In the Classroom > Unit Overview > Lesson 6
Lesson 6 - Readings for Activity 2: Studying Reports of the Attack on Deerfield
Rouville and his men, savage with hunger, lay shivering under the pines till about two hours before dawn; then, leaving their packs and their snow-shoes behind, they moved cautiously towards their prey. There was a crust on the snow strong enough to bear their weight, though not to prevent a rustling noise as it crunched under the feet of so many men. It is said that from time to time Rouville commanded a halt, in order that the sentinels, if such there were, might mistake the distant sound for rising and falling gusts of wind. In any case, no alarm was given till they had mounted the palisade and dropped silently into the unconscious village. Then with one accord they screeched the war-whoop, and assailed the doors of the houses with axes and hatchets.
The hideous din startled the minister, Williams, from his sleep. Half-wakened, he sprang out of bed, and saw dimly a crowd of savages bursting through the shattered door. He shouted to two soldiers who were lodged in the house; and then, with more valor than discretion, snatched a pistol that hung at the head of the bed, cocked it, and snapped it at the breast of the foremost Indian, who proved to be a Caughnawaga chief. It missed fire, or Williams would, no doubt, have been killed on the spot. Amid the screams of his terrified children, three of the party seized him and bound him fast; for they came well provided with cords, since prisoners had a market value. Nevertheless, in the first fury of their attack they dragged to the door and murdered two of the children and a Negro woman called Parthena, who was probably their nurse.
The sun was scarcely an hour high when the miserable drove of captives was conducted across the river to the foot of a mountain or high hill. Williams and his family were soon compelled to follow, and his house was set on fire. As they led him off he saw that other houses within the palisade were burning, and that all were in the power of the enemy except that of his neighbor Stebbins, where the gallant defenders still kept their assailants at bay. Having collected all their prisoners, the main body of the French and Indians began to withdraw towards the pine forest, where they had left their packs and snow-shoes, and to prepare for a retreat before the country should be roused, first murdering in cold blood Marah Carter, a little girl of five years, whom they probably thought unequal to the march. Several parties, however, still lingered in the village, firing on the Stebbins house, killing cattle, hogs, and sheep, and gathering such plunder as the place afforded.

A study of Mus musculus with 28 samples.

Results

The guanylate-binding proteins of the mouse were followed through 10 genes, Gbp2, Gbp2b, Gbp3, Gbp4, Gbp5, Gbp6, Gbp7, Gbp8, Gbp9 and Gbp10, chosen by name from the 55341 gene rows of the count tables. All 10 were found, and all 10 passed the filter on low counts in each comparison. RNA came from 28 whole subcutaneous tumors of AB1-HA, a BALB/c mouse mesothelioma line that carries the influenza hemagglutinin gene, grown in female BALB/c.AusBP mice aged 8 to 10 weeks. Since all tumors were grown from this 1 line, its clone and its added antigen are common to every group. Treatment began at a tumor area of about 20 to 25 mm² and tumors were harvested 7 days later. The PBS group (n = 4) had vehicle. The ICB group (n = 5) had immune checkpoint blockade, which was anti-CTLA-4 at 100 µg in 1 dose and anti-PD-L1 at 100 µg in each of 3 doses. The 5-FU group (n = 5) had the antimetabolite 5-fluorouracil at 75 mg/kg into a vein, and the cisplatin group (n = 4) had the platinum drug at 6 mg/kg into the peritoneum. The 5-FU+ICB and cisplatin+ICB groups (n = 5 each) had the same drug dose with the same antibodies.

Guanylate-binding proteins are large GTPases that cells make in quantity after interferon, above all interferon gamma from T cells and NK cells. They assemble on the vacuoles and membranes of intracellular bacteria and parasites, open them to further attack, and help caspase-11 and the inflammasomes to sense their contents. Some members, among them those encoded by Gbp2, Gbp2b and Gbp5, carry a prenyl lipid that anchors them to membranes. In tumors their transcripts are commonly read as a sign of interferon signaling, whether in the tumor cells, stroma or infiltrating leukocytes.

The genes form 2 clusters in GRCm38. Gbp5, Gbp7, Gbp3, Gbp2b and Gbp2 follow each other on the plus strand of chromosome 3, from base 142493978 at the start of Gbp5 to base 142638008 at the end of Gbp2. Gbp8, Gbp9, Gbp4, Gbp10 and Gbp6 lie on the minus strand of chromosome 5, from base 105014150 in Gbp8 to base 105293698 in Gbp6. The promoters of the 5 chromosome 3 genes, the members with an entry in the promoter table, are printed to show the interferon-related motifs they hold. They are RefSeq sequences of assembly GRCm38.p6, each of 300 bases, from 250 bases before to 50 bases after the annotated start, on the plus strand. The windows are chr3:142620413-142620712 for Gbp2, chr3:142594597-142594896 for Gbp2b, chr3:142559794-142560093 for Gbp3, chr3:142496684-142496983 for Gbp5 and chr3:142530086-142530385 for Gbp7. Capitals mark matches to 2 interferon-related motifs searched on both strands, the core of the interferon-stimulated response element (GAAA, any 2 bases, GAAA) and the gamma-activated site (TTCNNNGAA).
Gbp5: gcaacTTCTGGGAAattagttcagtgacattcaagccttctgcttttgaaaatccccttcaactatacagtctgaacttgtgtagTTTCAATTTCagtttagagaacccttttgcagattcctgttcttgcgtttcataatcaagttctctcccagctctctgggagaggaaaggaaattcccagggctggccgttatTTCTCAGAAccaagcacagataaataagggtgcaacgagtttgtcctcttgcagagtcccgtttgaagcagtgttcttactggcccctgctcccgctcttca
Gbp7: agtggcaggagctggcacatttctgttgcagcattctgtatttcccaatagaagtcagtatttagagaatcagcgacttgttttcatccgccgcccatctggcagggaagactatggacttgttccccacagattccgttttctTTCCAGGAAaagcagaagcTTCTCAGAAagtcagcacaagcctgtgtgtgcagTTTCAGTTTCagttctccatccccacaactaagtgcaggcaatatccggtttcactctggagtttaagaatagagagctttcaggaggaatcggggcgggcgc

Thus this representative of a Christian nation, sent an army through the wilderness, not to fight an English force, but to surprise and butcher the settlers of an English plantation three hundred miles away, merely to keep on good terms with a savage tribe, and gratify his own ambition. It was an act of hardly less than cold-blooded murder. De Rouville's command was made up of two hundred French, and one hundred and forty Indians, part French Mohawks, or "Macquas" of Caghnawaga- probably in civilized dress- and part Eastern Indians in native costume.
...Little Town of Deerfield, the most Northerly Settlement on Connecticut-River. Which had long been a Watchful and an Useful Barrier for the rest of the Plantations in the Neighborhood. They Surprized the Place, about an Hour or Two before break of Day, and in a little Time, not without loss, to themselves, they Butchered and Captivated above One hundred and fifty of the People. Mr. John Williams, the Worthy Minister of that Pious and Holy Flock, was carried into Captivity, with five of his Children... were Slain; And his desirable Consort [wife] beginning to faint, at about a dozen Miles of the doleful journey they...Like themselves, cruelly Murdered her, and left her for the Funeral which her Friends afterwards bestowed on her.... Near Twenty more of the Captives lost their Lives for the manner was, that if any found themselves not able to Travel thro' deep Snows on the Ground, the Salvages would Strike their Hatchets into their Heads, and there leave them weltring in their Blood...Other..., Captives were a long while detained with the Indians in their horrid and howling Wigwams, and some are to this Day miserably circumstanced among those Dragons of the Wilderness.